Looking at the Caribbean

The Drive for Women’s Rights in the Caribbean Today

Charles, during her tenure, had to face two attempted coups to overthrow her government but held the reins securely amid economic decline caused largely by changes in international trade, and she is hailed for bringing stability to the island. So impactful was her presence that, in 1991, Queen Elizabeth II knighted her as Dame of the Order.
After 15 years in power, Charles and her party lost the elections to the United Workers Party, which in turn lost its governing power in 2000 to the Dominica Labour Party (DLP). The DLP, Dominica’s first political party, was founded in 1955 by yet another significant historic woman, Phyllis Shand Allfrey.

Although she never headed government, in 1958 Allfrey was elected to the West Indies legislature to represent her country. She also served as Minister of Labour and Social Affairs as the only female minister of the West Indies Federation.
Allfrey’s interest in politics was in some ways detrimental to her recognition as a writer. She was a talented author, having produced a number of short stories, poems, and novels that brought the Caribbean to life for global communities. One such, The Orchid House, was translated into a successful TV series.

Grenada also boasts a patriotic woman and Queen-honoured Dame of the islands: Hilda Bynoe, who became the first native-born governor of Grenada, Carriacou, and Petite Martinique in 1968. Her medical training contributed vastly to the region’s development in medicine, education, and public service. She, like Allfrey, was the author of several books, her most famous of which, I Woke at Dawn, was published in 1996.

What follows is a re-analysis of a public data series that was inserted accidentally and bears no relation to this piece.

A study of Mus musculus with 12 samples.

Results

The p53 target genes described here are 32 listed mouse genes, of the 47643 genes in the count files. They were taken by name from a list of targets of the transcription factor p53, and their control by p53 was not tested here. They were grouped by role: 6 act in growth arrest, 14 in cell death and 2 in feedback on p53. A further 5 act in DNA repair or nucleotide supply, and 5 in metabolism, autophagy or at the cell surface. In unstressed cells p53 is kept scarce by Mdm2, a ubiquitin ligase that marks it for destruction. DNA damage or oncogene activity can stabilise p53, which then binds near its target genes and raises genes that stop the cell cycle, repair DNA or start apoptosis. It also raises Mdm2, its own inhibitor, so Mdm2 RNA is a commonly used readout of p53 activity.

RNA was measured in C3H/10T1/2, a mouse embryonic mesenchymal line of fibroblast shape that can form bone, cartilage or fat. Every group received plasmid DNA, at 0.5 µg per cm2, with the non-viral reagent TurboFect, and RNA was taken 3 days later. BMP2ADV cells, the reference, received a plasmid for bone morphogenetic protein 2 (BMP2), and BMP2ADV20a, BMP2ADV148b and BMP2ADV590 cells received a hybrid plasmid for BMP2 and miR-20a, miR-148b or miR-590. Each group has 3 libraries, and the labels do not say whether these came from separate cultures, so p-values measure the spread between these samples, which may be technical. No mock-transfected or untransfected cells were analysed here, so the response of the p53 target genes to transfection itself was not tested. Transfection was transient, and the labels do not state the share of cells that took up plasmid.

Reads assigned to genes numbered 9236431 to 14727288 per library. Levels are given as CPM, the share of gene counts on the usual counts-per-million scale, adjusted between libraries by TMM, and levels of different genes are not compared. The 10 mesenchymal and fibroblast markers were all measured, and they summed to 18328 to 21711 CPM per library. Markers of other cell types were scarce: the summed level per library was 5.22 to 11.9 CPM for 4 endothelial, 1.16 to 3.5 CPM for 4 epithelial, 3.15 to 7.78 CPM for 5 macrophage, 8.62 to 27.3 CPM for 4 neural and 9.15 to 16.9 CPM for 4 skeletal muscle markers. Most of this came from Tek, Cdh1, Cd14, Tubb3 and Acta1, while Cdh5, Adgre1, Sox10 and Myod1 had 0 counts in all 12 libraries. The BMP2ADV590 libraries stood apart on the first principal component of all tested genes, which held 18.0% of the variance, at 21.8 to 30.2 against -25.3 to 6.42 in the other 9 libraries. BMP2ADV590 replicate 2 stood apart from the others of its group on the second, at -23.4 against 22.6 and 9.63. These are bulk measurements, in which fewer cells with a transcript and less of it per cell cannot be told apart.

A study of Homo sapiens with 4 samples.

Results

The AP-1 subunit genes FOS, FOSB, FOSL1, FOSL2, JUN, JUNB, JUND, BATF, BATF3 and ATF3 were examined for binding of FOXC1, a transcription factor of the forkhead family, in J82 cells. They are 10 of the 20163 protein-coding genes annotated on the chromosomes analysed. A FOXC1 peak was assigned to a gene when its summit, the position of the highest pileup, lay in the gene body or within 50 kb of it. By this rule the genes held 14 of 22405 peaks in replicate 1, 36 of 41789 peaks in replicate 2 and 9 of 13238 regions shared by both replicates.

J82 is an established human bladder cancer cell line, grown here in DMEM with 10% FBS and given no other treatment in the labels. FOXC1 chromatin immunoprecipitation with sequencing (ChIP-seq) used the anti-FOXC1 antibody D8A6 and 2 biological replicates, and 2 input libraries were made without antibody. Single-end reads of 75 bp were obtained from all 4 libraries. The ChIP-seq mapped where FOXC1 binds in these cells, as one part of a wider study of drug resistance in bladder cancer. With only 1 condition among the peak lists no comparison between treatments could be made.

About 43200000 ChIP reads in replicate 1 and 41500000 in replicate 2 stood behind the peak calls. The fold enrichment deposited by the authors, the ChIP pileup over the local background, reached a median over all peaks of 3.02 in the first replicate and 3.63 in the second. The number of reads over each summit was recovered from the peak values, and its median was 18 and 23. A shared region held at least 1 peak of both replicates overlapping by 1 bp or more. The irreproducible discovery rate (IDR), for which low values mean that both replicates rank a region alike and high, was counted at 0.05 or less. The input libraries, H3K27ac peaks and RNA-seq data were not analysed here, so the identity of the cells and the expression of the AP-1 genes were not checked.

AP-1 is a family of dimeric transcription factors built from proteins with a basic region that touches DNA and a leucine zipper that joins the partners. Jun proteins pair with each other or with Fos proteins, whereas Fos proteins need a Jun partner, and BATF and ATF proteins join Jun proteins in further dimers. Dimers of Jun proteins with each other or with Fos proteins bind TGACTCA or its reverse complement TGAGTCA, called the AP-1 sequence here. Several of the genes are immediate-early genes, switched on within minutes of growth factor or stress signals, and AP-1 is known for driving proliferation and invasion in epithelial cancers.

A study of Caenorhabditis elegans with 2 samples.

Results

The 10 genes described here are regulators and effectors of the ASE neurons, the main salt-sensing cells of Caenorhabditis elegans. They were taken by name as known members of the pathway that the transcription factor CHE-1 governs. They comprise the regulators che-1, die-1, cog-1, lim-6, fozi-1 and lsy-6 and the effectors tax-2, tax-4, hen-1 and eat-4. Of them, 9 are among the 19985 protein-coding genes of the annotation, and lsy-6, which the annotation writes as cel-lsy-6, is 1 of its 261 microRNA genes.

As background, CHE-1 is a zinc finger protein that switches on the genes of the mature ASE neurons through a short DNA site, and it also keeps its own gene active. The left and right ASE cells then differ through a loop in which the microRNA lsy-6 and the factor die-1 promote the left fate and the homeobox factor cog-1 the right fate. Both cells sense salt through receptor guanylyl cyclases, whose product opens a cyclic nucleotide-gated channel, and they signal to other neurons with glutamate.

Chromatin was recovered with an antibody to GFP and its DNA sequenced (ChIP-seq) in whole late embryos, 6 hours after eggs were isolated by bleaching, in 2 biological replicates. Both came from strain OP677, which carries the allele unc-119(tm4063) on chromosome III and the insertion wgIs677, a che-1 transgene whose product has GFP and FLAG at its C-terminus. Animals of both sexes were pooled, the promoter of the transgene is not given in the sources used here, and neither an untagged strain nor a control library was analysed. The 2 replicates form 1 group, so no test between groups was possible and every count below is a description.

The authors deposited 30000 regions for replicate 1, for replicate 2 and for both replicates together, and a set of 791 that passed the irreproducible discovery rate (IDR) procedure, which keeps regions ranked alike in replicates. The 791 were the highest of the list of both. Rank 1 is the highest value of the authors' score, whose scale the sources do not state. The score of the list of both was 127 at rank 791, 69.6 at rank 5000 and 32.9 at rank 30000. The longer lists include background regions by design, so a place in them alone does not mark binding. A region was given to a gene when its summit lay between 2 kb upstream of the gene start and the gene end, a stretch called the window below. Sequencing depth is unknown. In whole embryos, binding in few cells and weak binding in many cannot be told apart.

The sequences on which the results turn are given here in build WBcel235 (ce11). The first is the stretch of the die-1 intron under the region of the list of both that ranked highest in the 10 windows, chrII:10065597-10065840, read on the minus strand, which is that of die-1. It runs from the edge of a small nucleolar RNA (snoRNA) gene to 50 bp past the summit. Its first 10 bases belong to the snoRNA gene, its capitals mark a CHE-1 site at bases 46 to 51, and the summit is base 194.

Although deceased, all the women mentioned, and those un-named, elevated the role of women beyond being just mothers, wives, and care-givers, and paved the way for today’s women. The Caribbean is colourful with their presence and their voices can be heard on platforms across every sector of business and society. They hold the heart of the Caribbean and their spirit will never again be suppressed.

The Caribbean’s past has been a difficult one, particularly as French, Spanish, English, and Dutch colonisers exploited the indigenous environments of the region. Slavery was prolific, leading to Caribbean women not merely having to fight against gender inequality, but also having to stand against racial and class discrimination. The result was the emergence of extraordinary women who overcame adversity from multiple angles to ultimately make their mark in the history books.
Caribbean emancipation was driven by women of African descent, in a collective achievement that saw the names of most individuals lost to time. Feminism continued to be tied to racial struggles and, later, self-determination in the form of independence from colonisers. It was however only after the independence movements that women began to find their place at the vanguard of Caribbean society and manifest countrywide change in their own names.

One such woman, Dame Mary Eugenia Charles, achieved what few could have imagined possible. She was not only the first female Prime Minister of Dominica, taking office in 1980, but also the first elected female head of state in the entire Caribbean region. She is credited with the reconstruction of infrastructure that had been destroyed by Hurricane David in 1979 and the overall upliftment of the Caribbean basin.